I wanted to respond to the last comment (below in italics) in its own separate post. My thoughts follow. Thanks to O.G. for his insight and starting this dialogue- I encourage others to chime in. I’d like to preface this discussion by saying that I believe in the LEED system but, like anything else, there’s always room for improvement.

The point of LEED certification is to provide the “building industry with consistent, credible standards for what constitutes a green building.” If you start watering down the standards with some fuzzy style points system, you undermine the basic goals of the certification. You are right that Heart Tower is “a piece of great, iconic architecture that attracts attention, independent of its extensive green design elements,”” but it must be recognized that it is no more green because of its architectural appeal.

I’m not sure adding points for design excellence waters down the system. While the vast majority of LEED credit categories are purely objective, in LEED V2.2 for New Construction, you can earn up to four points for innovative use of green design elements. I don’t think that undermines the rest of the credit categories, and I similarly think that including a category for architectural design excellence wouldn’t negate the importance of the others.

I agree that the green building movement needs to create works that are architecturally pleasing, and that efficient boxes do not help the image, but LEED Certification is not the way to go about this. There are many other ways to encourage and recognize architectural achievement in green building- an example would be to start specific architectural awards with entry limited to buildings above a certain certification level. It is very simplistic, but people respond to awards. With a system like this, the objective LEED certification would remain a measurement of green building, but exemplary buildings would receive additional acclaim.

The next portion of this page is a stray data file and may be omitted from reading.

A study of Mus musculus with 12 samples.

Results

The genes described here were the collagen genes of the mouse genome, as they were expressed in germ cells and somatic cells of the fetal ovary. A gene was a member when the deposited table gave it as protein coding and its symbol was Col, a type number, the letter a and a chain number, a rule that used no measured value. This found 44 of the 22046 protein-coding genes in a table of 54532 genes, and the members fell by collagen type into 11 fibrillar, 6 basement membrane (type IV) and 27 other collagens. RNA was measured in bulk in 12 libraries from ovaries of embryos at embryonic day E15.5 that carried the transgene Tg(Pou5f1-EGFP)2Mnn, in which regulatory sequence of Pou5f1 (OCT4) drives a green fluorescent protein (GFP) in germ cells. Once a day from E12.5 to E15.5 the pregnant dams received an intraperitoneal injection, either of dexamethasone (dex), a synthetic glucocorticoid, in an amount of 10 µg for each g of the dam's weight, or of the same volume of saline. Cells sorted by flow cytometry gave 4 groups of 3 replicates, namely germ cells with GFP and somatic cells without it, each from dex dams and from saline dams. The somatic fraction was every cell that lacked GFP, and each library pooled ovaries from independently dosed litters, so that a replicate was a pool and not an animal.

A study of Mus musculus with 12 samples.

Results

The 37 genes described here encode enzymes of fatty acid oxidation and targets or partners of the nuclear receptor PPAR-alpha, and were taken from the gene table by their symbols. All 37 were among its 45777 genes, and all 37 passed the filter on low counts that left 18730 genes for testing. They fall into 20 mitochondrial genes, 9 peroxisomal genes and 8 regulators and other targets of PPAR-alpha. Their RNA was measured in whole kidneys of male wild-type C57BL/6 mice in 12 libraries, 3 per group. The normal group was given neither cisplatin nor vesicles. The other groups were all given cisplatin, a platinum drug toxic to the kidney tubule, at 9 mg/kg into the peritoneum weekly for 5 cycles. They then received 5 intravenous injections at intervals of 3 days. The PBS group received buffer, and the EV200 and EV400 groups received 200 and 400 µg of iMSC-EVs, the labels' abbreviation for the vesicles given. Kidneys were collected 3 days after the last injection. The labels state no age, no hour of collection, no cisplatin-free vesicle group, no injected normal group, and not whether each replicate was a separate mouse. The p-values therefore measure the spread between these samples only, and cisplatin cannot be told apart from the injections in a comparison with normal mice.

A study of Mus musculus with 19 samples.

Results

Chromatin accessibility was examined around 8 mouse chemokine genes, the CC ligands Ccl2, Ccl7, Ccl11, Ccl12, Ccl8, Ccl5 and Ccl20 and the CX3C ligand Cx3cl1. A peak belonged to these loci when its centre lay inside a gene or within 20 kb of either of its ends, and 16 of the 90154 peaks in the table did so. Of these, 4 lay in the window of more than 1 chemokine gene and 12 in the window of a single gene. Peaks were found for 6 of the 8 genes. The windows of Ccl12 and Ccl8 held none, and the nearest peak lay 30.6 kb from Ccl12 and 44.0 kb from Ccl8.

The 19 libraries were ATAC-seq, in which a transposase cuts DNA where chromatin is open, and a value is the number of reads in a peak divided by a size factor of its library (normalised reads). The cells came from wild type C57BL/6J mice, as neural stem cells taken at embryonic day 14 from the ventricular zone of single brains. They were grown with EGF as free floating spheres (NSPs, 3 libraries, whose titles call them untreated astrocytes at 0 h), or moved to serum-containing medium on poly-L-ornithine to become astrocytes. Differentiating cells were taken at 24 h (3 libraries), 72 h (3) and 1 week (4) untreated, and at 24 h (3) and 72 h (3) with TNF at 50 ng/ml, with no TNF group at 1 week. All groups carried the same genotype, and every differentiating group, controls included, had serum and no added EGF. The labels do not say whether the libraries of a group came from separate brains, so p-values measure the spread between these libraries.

While I do like this idea, LEED is what we have to work with right now, and I think it would be much easier to tie it to existing architectural award programs than launch an entirely new set of green building awards. For example, Lord Foster won the Pritzker architectural prize back in 1999- why not include a provision in future LEED rating systems that, if a building receives an award from a list of specified architectural prizes, it receives ten bonus points? You could even weigh the points based on the perceived prestige of the prize. If it’s some sort of local award- two points. National award? Five points. Something like the Pritzker (considered the world’s premier architectural award)? Ten. I think that would make a lot of sense. You see a lot of state and local initiatives choosing LEED as their objective criteria for evaluating green buildings- why not similarly use LEED to choose existing architectural award programs by which to judge buildings that are seeking certification?

(As a quick aside, one real practical concern about allowing style points in LEED certification is who would decide on what gets the points. There often much disagreement as to what constitutes an iconic design and even more disagreement as to what is pleasing. A system that relies on subjective tastes runs the risk of being fractured by particular tastes or worse becoming dominated by one school of thought. It would be a shame if LEED certification became contingent on buildings being of one particular style, we should be endeavoring to show that any design can incorporate green elements.)

I don’t think providing a handful of bonus points for having your project recognized by a national or international architectural association would lead to some sort of bland uniformity across the green building spectrum. Again, I think the point is merely to recognize green buildings that stand out as great architecture, drawing attention to them for being something more than a regular building with a bunch of green elements slapped on top in order to earn a LEED plaque.

Great buildings should be recognized, but standards should remain standards.

Absolutely. But providing room for maybe 5% of potential LEED points to come from design excellence recognition wouldn’t destroy what might be the system’s greatest strength- its objective evaluation of a building’s performance across the various LEED credit categories.